Thought Leadership: SMF - When Are You Going to Step Up and Move to Logstream Mode?

By Frank Kyne, Technical Consultant, Watson and Walker

System Management Facility (SMF) has been with us for as long as most of us can remember. No matter what your job is, no one that works with z/OS can imagine life without SMF. Whether you are responsible for performance, availability, security, storage management, CICS, DB2, MQ, network, WebSphere or any other role, there is at least one SMF record type to help you. Perhaps an even bigger testament to SMF’s key role is the number of non-IBM products that create SMF records. Now, there are more tools to process SMF records than ever before.

For as long as we have had SMF, we have had the venerable SYS1.MANx data sets to act as the repository for the newly created SMF records. However, much as we love them, they have their drawbacks, which can include:

  • All record types from each system are sent to a single MANx data set, which is not ideal for security in these data privacy-sensitive times.
  • They use “old VSAM,” not Media Manager. This means that they can't benefit from more recent performance enhancements such as striping.
  • They are a finite size and you can only have so many of them, meaning that it is possible for them to fill, at which point you are facing the loss of SMF records.
  • The maximum buffer size is 1 GB for all SMF records at one time, which is often not large enough for today's volume of activity.

To address these shortcomings, IBM introduced the ability to send SMF records to System Logger log streams rather than the SYS1.MANx data sets in z/OS 1.9. The first incarnation of SMF Logger support delivered scalability that could not even be imagined with the old SYS1.MANx data sets. However, the manageability fell short, resulting in many installations saying “thanks, but no thanks.” Those shortcomings were addressed with a combination of PTFs and new z/OS releases. SMF logstream mode quickly provided manageability that was at least equivalent to dataset mode, as the use of SYS1.MANx data sets is now known.

Even though a lot of discussion of logstream mode has focused on its superior performance compared to dataset mode, I believe that logstream mode offers benefits to installations of all sizes, including:

  • Massively improved scalability. You can have as many log streams as you wish, compared to a single SYS1.MAN data set.
  • Flexibility. You can create log streams based on the team that will use the records in that log stream, or you could run in SYS1.MANx-imitation mode and direct all records for each system to a single DASDONLY log stream. The SMF world is your oyster.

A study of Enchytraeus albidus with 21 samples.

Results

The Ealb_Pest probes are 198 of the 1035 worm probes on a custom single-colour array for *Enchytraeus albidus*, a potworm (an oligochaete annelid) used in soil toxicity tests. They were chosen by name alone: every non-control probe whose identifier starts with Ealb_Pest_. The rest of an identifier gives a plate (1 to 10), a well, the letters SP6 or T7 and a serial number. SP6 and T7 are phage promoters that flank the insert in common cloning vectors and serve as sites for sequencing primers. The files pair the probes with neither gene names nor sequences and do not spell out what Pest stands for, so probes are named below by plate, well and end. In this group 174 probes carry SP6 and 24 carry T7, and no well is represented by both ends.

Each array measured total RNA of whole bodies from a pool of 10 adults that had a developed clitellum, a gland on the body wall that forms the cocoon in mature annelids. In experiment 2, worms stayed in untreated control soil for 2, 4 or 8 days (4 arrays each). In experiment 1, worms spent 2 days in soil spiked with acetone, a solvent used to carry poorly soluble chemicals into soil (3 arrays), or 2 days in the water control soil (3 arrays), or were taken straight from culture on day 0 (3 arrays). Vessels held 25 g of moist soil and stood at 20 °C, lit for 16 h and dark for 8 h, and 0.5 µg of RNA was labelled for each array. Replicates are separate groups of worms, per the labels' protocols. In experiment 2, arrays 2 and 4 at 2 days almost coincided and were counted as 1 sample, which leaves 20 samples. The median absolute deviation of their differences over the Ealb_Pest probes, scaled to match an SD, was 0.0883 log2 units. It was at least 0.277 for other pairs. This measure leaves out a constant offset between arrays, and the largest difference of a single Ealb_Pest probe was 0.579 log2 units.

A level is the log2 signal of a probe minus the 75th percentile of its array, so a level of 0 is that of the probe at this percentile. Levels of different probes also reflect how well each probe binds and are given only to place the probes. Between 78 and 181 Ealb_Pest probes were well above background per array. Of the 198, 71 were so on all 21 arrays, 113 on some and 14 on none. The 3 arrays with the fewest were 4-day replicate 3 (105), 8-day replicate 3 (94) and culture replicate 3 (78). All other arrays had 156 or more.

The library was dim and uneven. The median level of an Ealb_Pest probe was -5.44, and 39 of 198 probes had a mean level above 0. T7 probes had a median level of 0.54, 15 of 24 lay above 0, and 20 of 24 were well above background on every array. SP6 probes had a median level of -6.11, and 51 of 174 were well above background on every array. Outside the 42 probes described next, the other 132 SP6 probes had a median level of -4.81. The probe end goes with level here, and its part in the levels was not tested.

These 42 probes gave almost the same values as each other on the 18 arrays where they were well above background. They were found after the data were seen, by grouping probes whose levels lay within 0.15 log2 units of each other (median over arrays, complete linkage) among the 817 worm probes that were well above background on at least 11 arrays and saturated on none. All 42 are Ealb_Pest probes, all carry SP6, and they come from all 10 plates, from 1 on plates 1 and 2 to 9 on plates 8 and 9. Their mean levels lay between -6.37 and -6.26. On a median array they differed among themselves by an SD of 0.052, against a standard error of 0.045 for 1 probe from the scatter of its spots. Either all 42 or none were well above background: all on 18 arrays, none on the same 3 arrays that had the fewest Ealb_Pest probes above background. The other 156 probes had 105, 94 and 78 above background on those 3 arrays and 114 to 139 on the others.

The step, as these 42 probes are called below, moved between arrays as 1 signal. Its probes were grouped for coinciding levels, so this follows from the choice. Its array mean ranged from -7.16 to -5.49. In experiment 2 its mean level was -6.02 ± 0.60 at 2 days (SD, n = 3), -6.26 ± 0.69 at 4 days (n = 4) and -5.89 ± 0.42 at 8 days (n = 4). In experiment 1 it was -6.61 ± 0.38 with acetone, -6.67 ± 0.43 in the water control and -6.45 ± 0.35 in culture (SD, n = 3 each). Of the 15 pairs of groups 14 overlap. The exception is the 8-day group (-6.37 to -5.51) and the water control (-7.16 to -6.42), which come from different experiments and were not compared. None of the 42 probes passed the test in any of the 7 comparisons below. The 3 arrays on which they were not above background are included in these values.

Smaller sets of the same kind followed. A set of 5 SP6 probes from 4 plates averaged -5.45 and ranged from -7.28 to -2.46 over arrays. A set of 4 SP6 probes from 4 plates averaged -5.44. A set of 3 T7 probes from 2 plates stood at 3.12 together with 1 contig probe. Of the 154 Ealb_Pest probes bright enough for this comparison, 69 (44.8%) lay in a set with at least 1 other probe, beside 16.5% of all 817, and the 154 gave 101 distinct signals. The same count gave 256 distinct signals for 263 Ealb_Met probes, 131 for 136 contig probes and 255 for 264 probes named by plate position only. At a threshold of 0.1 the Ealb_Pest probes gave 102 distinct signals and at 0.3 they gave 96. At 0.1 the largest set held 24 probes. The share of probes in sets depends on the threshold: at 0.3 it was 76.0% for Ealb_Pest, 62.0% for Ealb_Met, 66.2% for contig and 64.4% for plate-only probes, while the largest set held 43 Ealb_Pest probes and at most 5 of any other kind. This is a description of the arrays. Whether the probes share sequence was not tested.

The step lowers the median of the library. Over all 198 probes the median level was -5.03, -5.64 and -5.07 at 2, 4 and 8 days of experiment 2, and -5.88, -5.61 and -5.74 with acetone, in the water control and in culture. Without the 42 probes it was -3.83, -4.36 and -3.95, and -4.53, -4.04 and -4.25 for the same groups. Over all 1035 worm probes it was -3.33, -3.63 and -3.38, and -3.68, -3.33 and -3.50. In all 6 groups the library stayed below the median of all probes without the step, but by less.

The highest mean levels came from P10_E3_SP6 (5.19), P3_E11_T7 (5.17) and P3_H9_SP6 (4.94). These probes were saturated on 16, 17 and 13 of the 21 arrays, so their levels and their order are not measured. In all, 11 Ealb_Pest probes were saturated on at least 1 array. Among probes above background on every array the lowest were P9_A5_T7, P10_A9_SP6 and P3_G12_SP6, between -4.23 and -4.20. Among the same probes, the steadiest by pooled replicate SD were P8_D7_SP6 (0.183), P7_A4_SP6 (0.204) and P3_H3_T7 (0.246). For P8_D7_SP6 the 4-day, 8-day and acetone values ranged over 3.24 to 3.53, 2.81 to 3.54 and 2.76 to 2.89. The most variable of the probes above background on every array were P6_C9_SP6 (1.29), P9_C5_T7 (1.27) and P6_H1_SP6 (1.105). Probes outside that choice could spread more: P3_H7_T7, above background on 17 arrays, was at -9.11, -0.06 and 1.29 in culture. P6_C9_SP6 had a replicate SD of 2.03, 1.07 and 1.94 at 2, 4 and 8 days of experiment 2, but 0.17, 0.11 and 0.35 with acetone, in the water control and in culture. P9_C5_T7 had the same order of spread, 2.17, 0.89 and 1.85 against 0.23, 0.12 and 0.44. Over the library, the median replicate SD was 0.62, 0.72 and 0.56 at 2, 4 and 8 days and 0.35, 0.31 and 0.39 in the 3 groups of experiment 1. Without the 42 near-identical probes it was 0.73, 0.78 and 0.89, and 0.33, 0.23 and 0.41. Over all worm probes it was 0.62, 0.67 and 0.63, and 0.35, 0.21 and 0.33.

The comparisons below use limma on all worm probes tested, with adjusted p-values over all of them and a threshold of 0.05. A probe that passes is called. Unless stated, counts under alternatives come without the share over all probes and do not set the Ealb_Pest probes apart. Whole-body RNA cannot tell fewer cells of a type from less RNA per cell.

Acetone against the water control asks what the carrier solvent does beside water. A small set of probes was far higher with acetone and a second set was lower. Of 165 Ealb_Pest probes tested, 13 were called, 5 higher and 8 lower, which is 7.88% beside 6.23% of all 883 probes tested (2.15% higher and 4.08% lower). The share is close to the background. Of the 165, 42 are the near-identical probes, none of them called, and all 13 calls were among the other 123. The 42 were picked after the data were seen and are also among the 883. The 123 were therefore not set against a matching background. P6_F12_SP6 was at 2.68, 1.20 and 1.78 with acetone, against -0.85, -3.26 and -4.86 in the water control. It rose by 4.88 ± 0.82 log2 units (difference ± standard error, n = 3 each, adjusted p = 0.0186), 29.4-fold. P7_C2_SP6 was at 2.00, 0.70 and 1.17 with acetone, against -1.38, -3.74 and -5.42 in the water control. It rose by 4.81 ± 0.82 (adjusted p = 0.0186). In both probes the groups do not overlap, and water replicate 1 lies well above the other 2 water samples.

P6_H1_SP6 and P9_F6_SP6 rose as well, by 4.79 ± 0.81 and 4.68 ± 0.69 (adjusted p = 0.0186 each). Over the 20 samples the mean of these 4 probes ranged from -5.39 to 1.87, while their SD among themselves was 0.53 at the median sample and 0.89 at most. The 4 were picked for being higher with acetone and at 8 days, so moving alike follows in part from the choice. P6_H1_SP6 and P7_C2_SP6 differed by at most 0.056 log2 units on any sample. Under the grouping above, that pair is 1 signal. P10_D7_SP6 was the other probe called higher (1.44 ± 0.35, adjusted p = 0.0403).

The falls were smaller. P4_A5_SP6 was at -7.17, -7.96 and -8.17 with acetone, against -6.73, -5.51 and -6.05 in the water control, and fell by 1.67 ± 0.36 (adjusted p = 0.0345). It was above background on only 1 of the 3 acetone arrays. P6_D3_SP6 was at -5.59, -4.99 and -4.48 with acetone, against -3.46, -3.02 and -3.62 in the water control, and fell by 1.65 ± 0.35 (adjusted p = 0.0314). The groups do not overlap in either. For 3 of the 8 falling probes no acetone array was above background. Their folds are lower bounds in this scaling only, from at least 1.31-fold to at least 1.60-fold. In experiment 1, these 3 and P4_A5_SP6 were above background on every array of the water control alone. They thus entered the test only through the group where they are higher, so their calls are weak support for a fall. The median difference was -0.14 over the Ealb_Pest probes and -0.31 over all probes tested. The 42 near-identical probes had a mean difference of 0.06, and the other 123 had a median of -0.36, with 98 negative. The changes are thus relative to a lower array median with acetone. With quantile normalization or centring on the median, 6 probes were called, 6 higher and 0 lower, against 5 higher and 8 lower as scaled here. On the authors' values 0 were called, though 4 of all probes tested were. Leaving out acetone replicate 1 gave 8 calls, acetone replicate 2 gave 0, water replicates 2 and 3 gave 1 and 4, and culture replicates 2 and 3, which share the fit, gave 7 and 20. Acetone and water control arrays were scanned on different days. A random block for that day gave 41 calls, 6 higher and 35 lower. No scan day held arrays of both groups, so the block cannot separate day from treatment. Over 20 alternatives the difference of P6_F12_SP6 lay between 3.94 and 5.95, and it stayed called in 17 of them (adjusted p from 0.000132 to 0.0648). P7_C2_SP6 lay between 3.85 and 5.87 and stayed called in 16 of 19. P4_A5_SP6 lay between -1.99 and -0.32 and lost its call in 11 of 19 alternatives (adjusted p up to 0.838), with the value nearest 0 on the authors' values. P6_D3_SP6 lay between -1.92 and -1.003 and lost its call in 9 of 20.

• SMF data availability. Because you can split the SMF records across many log streams and each log stream can have up to 2 GB of buffers, the chances of all SMF buffers filling and records being discarded is tiny in logstream mode compared to dataset mode.
  • Critical record protection. There is an old saying: “Just because you're not paranoid, doesn't mean that everyone isn't out to get you.” If you subscribe to that outlook, you could direct critical record types to multiple log streams. For example, you could send your RACF SMF records to two log streams, each in a different, failure-isolated CF, and place the offload data sets in separate storage groups, thereby ensuring that no single failure could ever result in the loss of those critical SMF records.
  • SMF record compression. SMF in z/OS V2 exploits the new zEDC capability to compress SMF records before they are written to the log stream. This requires that you have a zEC12 or later, with zEDC cards installed. However, the cards are cheap and customer experience to date has been that they achieve compression ratios between 8 and 10 to 1. Given the volume of SMF data that many systems create, it can result in significant savings. SMF record compression with zEDC is only available when SMF is in logstream mode. If you currently compress your CICS or DB2 SMF records (as many sites do), you could turn off that compression (and save CPU time in CICS and DB2) and use zEDC instead. This is likely to give you double the compression that you are achieving today but with nearly none of the CPU cost.
  • SMF record signing. This is a new capability delivered in z/OS 2.2. The objective is to provide the ability to identify SMF records that have been tampered with. This is a concept that didn't exist when I first entered the field, but it is a sad reality in today's world. This feature is also only available if SMF is running in logstream mode.

SMF logstream mode has been available since 2007 — more than eight years now. I think it is now safe to say that it is not a fad that will pass. Quite the opposite — it is obvious that future enhancements to SMF are going to be limited to SMF in logstream mode. Cheryl Watson and I recently presented to a user group conference in Germany, and she asked how many of the attendees are running in logstream mode. Ninety percent of the attendees raised their hands. That many customers can't be wrong, so it's time to step up and make the move. You'll be glad you did.

Frank Kyne, a technical consultant at Watson and Walker, is the editor of Cheryl Watson’s Tuning Letter and works with Watson on classes and consulting engagements. Prior to Watson and Walker, Kyne was a project leader in IBM’s Redbooks organization where he was responsible for Redbooks about Parallel Sysplex, availability and GDPS.